LONDON — The government’s pledge to invest £23 billion in infrastructure and innovation projects over the course of the next five years will keep cash flowing into the UK despite Brexit, says Amanda Clack, p
resident of the Royal Institute of Chartered Surveyors.
Clack pointed out that this is is a “really positive step” for the UK economy in an interview with Business Insider.
The huge fiscal boost for the National Productivity Investment Fund, will “drive certainty in the market place” while the Brexit negotiations play out, Clack, who is also head of infrastructure at EY, said.
“I am pleased to see support of the National Infrastructure Commission as the 1-1.2% of GDP being spend on infrastructure will drive certainty in the market place and send a very clear message [to those thinking of investing in the country],” added Clack to BI.
“I think we have seen a real positive step and, while we would always like more [infrastructure funding,] it show what the UK is able to do. It will get Britain building again.”
RICS is the world’s leading body for land, property and construction sectors and has over 120,000 members.
“Raising productivity is essential for the high wage, high skilled economy”
What we need now is to actually respond to that and start getting shovels in the ground
On November 23, Chancellor Philip Hammond delivered the country’s Autumn Statement. Infrastructure and innovation were the key focus and the £23 billion spend is aimed at improving productivity in the UK.
“Raising productivity is essential for the high wage, high skilled economy” Britain wants, he said. Britain’s productivity gap is “shocking,” the chancellor told the House of Commons at the time, noting that the country lags the USA and Germany by 30 points.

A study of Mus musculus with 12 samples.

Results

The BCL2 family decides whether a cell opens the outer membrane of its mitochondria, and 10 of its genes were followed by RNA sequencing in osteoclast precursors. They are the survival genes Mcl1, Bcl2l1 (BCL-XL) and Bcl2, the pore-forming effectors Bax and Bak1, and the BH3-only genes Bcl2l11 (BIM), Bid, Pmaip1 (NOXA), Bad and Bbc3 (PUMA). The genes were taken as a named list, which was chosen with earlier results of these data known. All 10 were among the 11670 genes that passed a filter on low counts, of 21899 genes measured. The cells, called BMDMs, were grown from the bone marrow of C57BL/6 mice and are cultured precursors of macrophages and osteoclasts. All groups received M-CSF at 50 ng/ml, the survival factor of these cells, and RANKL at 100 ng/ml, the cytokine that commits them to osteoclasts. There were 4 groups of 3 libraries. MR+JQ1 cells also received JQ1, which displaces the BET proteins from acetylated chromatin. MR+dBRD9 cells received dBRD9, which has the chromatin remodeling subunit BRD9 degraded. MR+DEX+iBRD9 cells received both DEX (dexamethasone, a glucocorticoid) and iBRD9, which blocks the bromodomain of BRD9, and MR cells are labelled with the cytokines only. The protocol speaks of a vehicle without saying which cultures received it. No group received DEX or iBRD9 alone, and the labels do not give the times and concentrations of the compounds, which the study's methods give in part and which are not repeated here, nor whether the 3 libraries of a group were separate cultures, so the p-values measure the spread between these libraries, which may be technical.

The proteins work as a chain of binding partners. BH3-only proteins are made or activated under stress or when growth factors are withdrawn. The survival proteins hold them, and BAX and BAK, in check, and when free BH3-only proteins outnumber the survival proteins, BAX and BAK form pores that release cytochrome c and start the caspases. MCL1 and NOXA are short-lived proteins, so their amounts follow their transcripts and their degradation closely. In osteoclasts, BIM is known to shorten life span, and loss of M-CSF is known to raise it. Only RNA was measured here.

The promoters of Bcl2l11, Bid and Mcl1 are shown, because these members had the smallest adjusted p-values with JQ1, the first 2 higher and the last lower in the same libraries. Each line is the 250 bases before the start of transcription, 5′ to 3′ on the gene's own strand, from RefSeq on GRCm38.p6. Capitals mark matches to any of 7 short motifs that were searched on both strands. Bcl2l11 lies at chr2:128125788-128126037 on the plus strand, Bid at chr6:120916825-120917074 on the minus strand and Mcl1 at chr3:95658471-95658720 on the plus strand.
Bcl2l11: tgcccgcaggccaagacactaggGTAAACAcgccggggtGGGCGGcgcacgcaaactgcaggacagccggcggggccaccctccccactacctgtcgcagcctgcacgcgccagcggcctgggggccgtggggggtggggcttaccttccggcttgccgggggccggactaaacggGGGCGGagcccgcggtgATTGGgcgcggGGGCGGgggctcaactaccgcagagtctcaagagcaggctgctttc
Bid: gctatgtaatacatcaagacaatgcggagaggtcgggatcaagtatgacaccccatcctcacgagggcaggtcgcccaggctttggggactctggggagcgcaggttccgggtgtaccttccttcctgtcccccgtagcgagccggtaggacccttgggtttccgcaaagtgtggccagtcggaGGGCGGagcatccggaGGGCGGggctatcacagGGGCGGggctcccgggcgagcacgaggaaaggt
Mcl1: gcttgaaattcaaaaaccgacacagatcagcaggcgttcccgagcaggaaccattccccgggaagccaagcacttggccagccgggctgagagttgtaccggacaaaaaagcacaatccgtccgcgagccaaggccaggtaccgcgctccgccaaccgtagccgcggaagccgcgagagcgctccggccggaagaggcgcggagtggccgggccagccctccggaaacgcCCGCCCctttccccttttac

“But we also lag France by over 20 and Italy by eight. Which means in the real world, it takes a German worker four days to produce what we make in five, which means, in turn, that too many British workers work longer hours for lower pay than their counterparts,” he added.
To tackle that problem, Hammond announced the new National Productivity Investment Fund. Spending on infrastructure will expand from 0.8% of GDP currently, to between 1% and 1.2%.
“I’d like to say that I think Hammond is listening [to those asking for funding for infrastructure] and it is a very good first step. What we need now is to actually respond to that and start getting shovels in the ground,” said Clack.
Sorting out Britain’s housing shortage
Britain has a housing shortage problem and that is helping boost house prices.
Last year, RICS pointed out in its RICS Residential Survey that UK house prices are expected to rise by 4.5% per annum over the next five years (a cumulative increase of around 25%). The chief economist at RICS said that property will become increasingly “unaffordable” during this time.
In 2016, RICS also pointed out that the UK is also facing a “critical rental shortage” as at least 1.8 million more households will be looking to rent rather than buy a home by 2025.
So when the chancellor also confirmed at the time of the Autumn Statement a series of substantial measures designed to boost house building in the UK, including a £2.3 billion infrastructure fund for housing in high demand areas like London, this was seen as a widely positive move in getting more homes built for tenants.
He reaffirmed the announcement of £1.4 billion to build more affordable homes, as well as bringing in a pilot scheme of Right to Buy in housing associations in Britain’s regions.
These measures represent “a step change in our ambition to increase the supply of homes for sale and rent” and “it will support the construction of up to 100,000 new homes in the areas where they are needed most,” he said at the time.
“It’s not enough for the total housing shortage but it’s a real positive step,” said Clack to BI.
“The fact for me is that the government is recognising the key area for growth in infrastructure, and what is incredibly important, is housing. It is the fourth ‘H’ in terms of key areas of infrastructure at the moment — HS2, Heathrow, Hinkley, now housing.”